Bob Skinner

Position(s):
1B, OF, RF, 3B, LF
Born:
October 3, 1931
Bats:
Left
Throws:
Right
Height:
6' 4"
Weight:
190 lbs
Major League Debut:
4-13-1954 with PIT

Using a picture book swing, Bob Skinner hit over .300 three times as a Pirate during his 8+ seasons in Pittsburgh and twice made the National League All-Star Team.  Skinner also combined with Roberto Clemente and Bill Virdon to cover the outfield at Forbes Field for over seven years, the longest a triumvirate played together in a major league outfield and helped the Pirates to two World Championships.  The first was as the leftfielder on the 1960 team, the second as Chuck Tannner’s hitting coach in 1979.
   
So fine was Skinner’s swing that he made the Pirates in spring training 1954 as a firstbaseman after spending two years in the Marines.  He had first broken in with Mayfield in 1951 and hit .472 in 106 at bats before being promoted to Waco.  He remained with the Pirates all year as a rookie in’54, but his hitting was streaky and he had difficulty defensively.  Sent back to the minors in 1955, Skinner was leading the Southern Association with a .346 average at New Orleans before he broke his left hand.  His hand healed well enough for Skinner to again make the Pirates in 1956, but he batted only .202 as a backup player.  However, the smooth swinging lefty improved his average by over 100 points in 1957 commanding Manager Bobby Bragan to play him regularly in leftfield.
   
“Bob Skinner had a good, natural swing.  One of the best, next to Eddie Mathews,” Bragan remembered.  Skinner also had surprising speed, despite a rather strange running style.  The big man’s head would bob as he ran and some questioned how he could keep track of fly balls.  Skinner worked very hard, and credited Virdon with really helping him to become a decent outfielder although he was never known as having a strong arm.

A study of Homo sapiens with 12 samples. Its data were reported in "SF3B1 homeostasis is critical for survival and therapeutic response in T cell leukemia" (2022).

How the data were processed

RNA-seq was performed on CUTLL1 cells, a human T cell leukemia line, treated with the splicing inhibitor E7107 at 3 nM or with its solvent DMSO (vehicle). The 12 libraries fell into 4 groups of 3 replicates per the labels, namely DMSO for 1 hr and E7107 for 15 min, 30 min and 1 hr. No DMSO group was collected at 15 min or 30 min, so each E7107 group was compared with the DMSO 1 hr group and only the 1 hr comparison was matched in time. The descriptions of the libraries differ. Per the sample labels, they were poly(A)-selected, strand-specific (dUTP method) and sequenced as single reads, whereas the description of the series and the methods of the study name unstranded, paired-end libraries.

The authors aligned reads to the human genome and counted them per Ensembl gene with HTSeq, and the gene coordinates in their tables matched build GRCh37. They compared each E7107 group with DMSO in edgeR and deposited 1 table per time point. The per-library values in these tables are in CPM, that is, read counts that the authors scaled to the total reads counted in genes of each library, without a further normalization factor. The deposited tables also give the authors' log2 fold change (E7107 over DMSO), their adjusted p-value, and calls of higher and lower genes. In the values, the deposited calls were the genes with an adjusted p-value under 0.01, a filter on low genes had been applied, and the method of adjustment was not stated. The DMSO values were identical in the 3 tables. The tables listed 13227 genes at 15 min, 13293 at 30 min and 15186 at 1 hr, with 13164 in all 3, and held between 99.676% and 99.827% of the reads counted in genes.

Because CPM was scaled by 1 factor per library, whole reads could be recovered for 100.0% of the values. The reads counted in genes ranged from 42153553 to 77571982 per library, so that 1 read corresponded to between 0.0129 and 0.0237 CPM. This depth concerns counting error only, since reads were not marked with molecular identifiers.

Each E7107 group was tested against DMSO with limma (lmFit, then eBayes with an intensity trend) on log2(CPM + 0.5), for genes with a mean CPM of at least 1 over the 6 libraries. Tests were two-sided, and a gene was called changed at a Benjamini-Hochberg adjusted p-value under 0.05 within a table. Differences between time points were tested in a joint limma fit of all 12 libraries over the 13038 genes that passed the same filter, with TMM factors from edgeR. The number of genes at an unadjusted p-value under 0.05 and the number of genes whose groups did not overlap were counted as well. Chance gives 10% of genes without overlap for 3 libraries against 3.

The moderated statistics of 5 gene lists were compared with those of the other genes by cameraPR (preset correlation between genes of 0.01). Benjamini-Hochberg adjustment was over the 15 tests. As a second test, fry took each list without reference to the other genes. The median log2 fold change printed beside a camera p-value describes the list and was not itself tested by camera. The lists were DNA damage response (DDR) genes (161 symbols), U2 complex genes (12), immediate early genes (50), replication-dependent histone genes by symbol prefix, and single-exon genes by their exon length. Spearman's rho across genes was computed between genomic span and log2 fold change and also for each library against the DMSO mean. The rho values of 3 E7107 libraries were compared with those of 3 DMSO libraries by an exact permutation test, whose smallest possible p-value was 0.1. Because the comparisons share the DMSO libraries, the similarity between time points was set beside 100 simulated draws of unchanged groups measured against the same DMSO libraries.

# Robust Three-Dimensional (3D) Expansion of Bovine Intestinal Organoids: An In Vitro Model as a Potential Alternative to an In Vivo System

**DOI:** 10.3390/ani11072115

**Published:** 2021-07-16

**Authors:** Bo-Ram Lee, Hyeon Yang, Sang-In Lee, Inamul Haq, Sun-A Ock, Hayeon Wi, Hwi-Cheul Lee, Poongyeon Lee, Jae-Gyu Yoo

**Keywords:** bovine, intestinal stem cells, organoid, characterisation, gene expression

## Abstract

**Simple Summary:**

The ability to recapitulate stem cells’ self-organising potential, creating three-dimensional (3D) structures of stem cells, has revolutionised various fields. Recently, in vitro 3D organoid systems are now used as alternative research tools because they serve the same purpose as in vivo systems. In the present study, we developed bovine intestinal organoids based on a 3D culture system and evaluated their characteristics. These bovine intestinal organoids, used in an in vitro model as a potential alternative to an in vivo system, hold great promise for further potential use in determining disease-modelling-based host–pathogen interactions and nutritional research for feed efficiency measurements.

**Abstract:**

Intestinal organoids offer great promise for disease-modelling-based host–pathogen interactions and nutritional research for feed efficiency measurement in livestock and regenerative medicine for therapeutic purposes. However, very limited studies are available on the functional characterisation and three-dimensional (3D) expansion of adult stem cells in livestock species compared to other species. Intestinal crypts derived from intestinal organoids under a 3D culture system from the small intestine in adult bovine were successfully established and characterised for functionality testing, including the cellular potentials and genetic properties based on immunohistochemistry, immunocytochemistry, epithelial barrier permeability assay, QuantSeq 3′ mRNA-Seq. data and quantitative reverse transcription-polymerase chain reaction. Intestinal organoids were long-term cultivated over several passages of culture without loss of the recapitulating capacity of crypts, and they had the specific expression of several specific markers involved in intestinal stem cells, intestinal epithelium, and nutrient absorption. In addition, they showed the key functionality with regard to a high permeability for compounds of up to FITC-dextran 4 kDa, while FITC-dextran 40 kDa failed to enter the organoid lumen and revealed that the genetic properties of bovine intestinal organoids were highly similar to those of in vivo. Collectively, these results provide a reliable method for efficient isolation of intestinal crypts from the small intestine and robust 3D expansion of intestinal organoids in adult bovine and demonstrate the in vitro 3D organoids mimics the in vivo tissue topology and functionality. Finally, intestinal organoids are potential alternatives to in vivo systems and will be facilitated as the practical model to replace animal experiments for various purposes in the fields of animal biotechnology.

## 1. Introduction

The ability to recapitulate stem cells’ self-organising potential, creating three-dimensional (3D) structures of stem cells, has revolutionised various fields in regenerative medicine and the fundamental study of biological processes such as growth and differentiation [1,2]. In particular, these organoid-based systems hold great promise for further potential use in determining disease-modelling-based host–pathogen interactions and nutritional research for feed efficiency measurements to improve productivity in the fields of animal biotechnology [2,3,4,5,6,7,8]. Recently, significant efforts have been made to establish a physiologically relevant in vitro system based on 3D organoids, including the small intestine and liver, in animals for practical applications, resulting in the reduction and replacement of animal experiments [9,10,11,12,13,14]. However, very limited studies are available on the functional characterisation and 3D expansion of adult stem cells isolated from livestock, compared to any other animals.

In 1958, Skinner hit .321, fifth in the league.  Danny Murtaugh used him  at different spots in the order, but played him in the outfield every day.  On July 25, Skinner became the fourth player to clear the rightfield stands at Forbes Field during the regular season when he launched one of Stu Miller’s pitches into the stratosphere.
   
Although Skinner failed to hit .300 in 1959 and 1960, he contributed greatly to the team in its World Championship year by knocking in 86 runs, second on the team behind Clemente.  He also set a new career high with 15 homeruns after having hit 13 in three successive seasons.  Hoping to be a factor in the World Series, instead Skinner had to watch most of the action from the bench when he jammed his thumb in the first game.  He missed the next five contests, but returned for Game 7 and contributed a walk and run scored in the first and a perfect sacrifice bunt in the team’s dramatic eighth inning rally.
   
One of several Pirates who slumped in 1961, the man Bob Prince called “The Dog,” got off to a terrible start and even though he was able to bring his average up to .268 by the end of the year, he hit only three homeruns and his extrabase hits fell by 50% from his 1960 totals.  Determined to have a big year in 1962, Skinner fought off a challenge by young Donn Clendenon to have one of his best seasons, batting .302 with a career high 20 homeruns.  The club was getting older and even though it won over 90 games, the Pirates had finished fourth.  Skinner escaped the team’s off season purge, but was traded in early 1963 for Jerry Lynch when he went 122 at bats without homering.  Skinner moved from the Reds to the Cardinals where he served as a backup outfielder/pinch hitter and helped the Cardinals into the World Series in ’64.  He batted .309 as a part-timer in 1965, but went just 7-for-45 as a fulltime pinch hitter in 1966 and his playing days came to an end.
   
Skinner, who grew up near San Diego as a fan of the Pacific Coast League team, managed the club in 1967, winning the PCL Pennant.  He was named manager of the Phillies in June, 1968, but was fired in August the following year.  After coaching for the major league Padres for three years,  Murtaugh brought the former Buc back to Pittsburgh as his hitting coach.  Skinner served under his former manager until Murtaugh’s retirement in 1976.  He coached one year with the California Angels, then the Pirates, now managed by Tanner, called again.  Skinner coached Pirate hitters from the World Championship season of 1979 until he, as well as the rest of Tanner’s staff, was let go prior to Jim Leyland being named manager in 1986.  He joined Tanner in Atlanta before going into scouting in 1988.  While he has since retired from baseball, Skinner’s son Joel, a former Pirate farmhand and major league catcher, managed the Cleveland Indians in 2002.